By: DAVE SHEINGOLD |
Plans for speeding up the replacement of aging, leak-prone natural-gas lines throughout northern and central New Jersey can move ahead based on a tentative deal reached Tuesday that would raise rates more than 6 percent.
The agreement between Public Service Electric and Gas Co. and state regulators on $905 million worth of upgrades scales back a significantly more-ambitious proposal. It calls for tearing up streets and replacing 550 miles of cast-iron and steel gas mains, as well as 38,000 gas connections to homes and businesses over three years, with work likely to start early in 2016.
The work will focus on urban areas with the leakiest pipes, including some dating back more than 75 years, the company said. It is part of a broader effort by the company to gradually upgrade thousands of miles of gas mains prone to leaking dangerous methane gas throughout its coverage area, which includes Bergen and Passaic counties.
That effort comes as state and federal governments have called on gas and electric utilities to develop plans for modernizing power grids to withstand severe weather, improve service and reduce environmental problems.
If approved by the state Board of Public Utilities this fall, as expected, money for the work outlined in Tuesday’s agreement would be raised in two stages. The first $650 million would come from a surcharge that would boost the average natural-gas bill for PSE&G residential customers by 1.5 percent annually over four years, for a total increase of $4.82 per month by 2021. The first increase would come in January 2017.
The second phase would come as part of a rate hike the company plans to request by November 2017 to cover general increases in operating expenses. That amount has yet to be specified.
PSE&G had proposed raising rates even more to replace 810 miles of mains and 55,000 building connections, at a cost of $1.6 billion. But in agreeing to trim the proposal, the company said it would still be able to accelerate necessary upgrades beyond routine annual replacement of about 54 miles of mains per year.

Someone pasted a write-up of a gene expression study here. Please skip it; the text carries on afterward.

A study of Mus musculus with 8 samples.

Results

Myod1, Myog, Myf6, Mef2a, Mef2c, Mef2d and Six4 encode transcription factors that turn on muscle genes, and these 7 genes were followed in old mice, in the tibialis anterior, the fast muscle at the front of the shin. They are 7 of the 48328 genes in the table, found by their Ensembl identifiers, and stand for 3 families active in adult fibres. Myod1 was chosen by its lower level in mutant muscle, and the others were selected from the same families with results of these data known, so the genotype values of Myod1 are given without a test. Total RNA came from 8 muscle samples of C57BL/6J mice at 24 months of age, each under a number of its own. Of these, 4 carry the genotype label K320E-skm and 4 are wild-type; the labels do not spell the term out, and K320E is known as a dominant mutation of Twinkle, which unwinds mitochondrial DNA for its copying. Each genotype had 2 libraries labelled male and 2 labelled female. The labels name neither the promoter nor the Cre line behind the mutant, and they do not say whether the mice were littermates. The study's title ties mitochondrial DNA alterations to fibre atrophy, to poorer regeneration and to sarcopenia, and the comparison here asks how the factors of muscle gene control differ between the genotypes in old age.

It also has noted that falling natural gas prices, which have resulted from increased supply and have reduced gas bills in the past six years, were likely to soften the impact of increases needed for the next phase of gas main work.
“While we will not be able to do all the work proposed, the terms of the agreement will enable us to make substantial upgrades to our system in a fast and efficient way,” said Brooke Houston, a PSE&G representative. “It will make our system more reliable. It will make the system safer. It will make the system more environmentally friendly.”
Relatively low natural-gas prices “make it a great time to make these investments,” she added.
The agreement was hashed out in negotiations over the past two months between PSE&G, BPU staff members and the state Division of Rate Counsel, which advocates for consumers in utility matters.
Stefanie Brand, director of the rate counsel division, said her agency agreed to the deal because it reduced the rate increase while still covering crucial work.
“We do need to have this work done for both safety and reliability purposes,” said Brand. “It’s a scaled-back program that I think fairly matches the need to do the work while minimizing the impact on ratepayers.”
She noted that part of the deal requires reducing methane emissions in locations where work is done by 20 percent a year.
Greg Reinert, spokesman for the BPU, declined comment on the deal. But Brand said she expected the proposal to be submitted for approval in time for the board’s November meeting.
The agreement marks the second time in a year that a major PSE&G power-grid improvement plan was curtailed. In 2014, the company agreed to reduce a proposal for improvements to its separate electricity distribution network, from $2.6 billion over five years to $1.2 billion over three years.
Newark-based PSE&G serves 2.2 million customers in New Jersey, including about 600,000 in Bergen and Passaic counties.